Kuwaiti women win Gulf's Microsoft Imagine Cup
Student technology competition saw about 2,000 entries this year
An all-women team from the American University of Kuwait has won the regional leg of the Microsoft Imagine Cup, an annual student technology competition that saw nearly 2,000 entries come in from the Middle East.
The competition asks participants across the world to come up with ideas on how technology can be best used in relation to set themes. The 2010 theme asked students to ‘imagine a world where technology helps solve the toughest problems' and Mariam Al Al-Najdi, Abrari Amin and Aisha Al-Ruwaished from Kuwait did just that.
The young girls, all in their twenties, won the Gulf Microsoft Imagine Cup with their ‘TWTD' entry - a multi-touch tutoring system for the disabled that was developed using Visual Studio 2008 Professional and MS SQL.
A prototype of TWTD was tested in Kuwaiti schools where students without hands were unable to use the computer, becoming completely dependent on their teachers to do tasks on the computer. The team demonstrated how, using special markers that could be tracked using the educational software and a webcam, the same students were able to use a computer independently for the first time and take part in interactive English, mathematics and science lessons based on the Ministry of Education's curricula.
During their presentation, the team also reassured the judging panel that TWTD could be used to browse the Internet and complete regular computer-related activities using the software and a virtual keyboard. One of the other key factors that made TWTD stand out was its relatively low cost and ease of use in comparison to expensive software and hardware that currently exists for the physically challenged.
The women will now go on to represent Kuwait in the worldwide finals of the Microsoft Imagine Cup that will take place in Warsaw, Poland from July 3 - 8, where a grand prize of $25,000 could be theirs if they beat the competition. Their university mentor Dr. Amir Zeid is already immensely proud of their efforts.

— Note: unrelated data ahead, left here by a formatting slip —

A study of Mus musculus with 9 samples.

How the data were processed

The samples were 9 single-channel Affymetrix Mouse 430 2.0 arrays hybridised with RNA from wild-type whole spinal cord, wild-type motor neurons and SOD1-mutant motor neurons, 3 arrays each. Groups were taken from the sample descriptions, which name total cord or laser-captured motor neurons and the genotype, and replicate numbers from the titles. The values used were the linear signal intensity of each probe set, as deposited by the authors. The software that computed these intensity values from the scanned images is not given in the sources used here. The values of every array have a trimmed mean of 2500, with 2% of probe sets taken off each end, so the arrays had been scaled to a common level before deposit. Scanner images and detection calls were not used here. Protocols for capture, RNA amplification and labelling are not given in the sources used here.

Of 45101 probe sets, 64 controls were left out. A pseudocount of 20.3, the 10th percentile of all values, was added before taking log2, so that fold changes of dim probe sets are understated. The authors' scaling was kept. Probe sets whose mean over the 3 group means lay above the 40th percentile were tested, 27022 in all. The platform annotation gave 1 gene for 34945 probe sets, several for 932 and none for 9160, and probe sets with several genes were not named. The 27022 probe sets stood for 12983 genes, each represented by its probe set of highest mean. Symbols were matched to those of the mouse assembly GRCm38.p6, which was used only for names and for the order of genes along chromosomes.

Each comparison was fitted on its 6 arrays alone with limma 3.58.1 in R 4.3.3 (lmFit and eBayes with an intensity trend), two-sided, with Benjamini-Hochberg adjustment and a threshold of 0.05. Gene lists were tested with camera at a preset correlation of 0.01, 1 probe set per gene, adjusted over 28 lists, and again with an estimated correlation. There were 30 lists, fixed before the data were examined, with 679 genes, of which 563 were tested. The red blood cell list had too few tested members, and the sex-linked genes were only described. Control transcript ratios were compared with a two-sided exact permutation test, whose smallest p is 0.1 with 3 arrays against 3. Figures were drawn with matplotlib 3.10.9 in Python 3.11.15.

"It's a victory for them personally as women winning for the first time. Last year, I coached a team of men that won the mobile development category, but I'm more proud of this team because it's the first time our university won the competition and it's because of these girls," Zeid told itp.net.
Other teams from the Middle East that will also be competing at the finals in Poland include runners-up Sultan Qaboos University/Middle East College of Information Technology with their ‘Show Me The Traffic' web application that uses Microsoft Bing maps to advise commuters on which roads are congested with traffic, the University of Bahrain with their ‘Cash Trash' multi-functional smart recycling bin and the University of Wollongong (UAE) for their ‘Ear-It' application that is capable of testing a user's hearing using just their mobile phone and its accompanying headset.
The man leading the Imagine Cup team internally is Michael Mansour, group director of Microsoft's Developer and Platform Technologies, who revealed that there was only a modest increase in entries from Gulf students this year but that the competition was special in other ways.
"The increase that matters for us this year is the participation of more Gulf teams in the finals - one team from every country; so the UAE, Kuwait, Bahrain and Oman. From that perspective, there's much more representation for the region on a global stage," explained Mansour.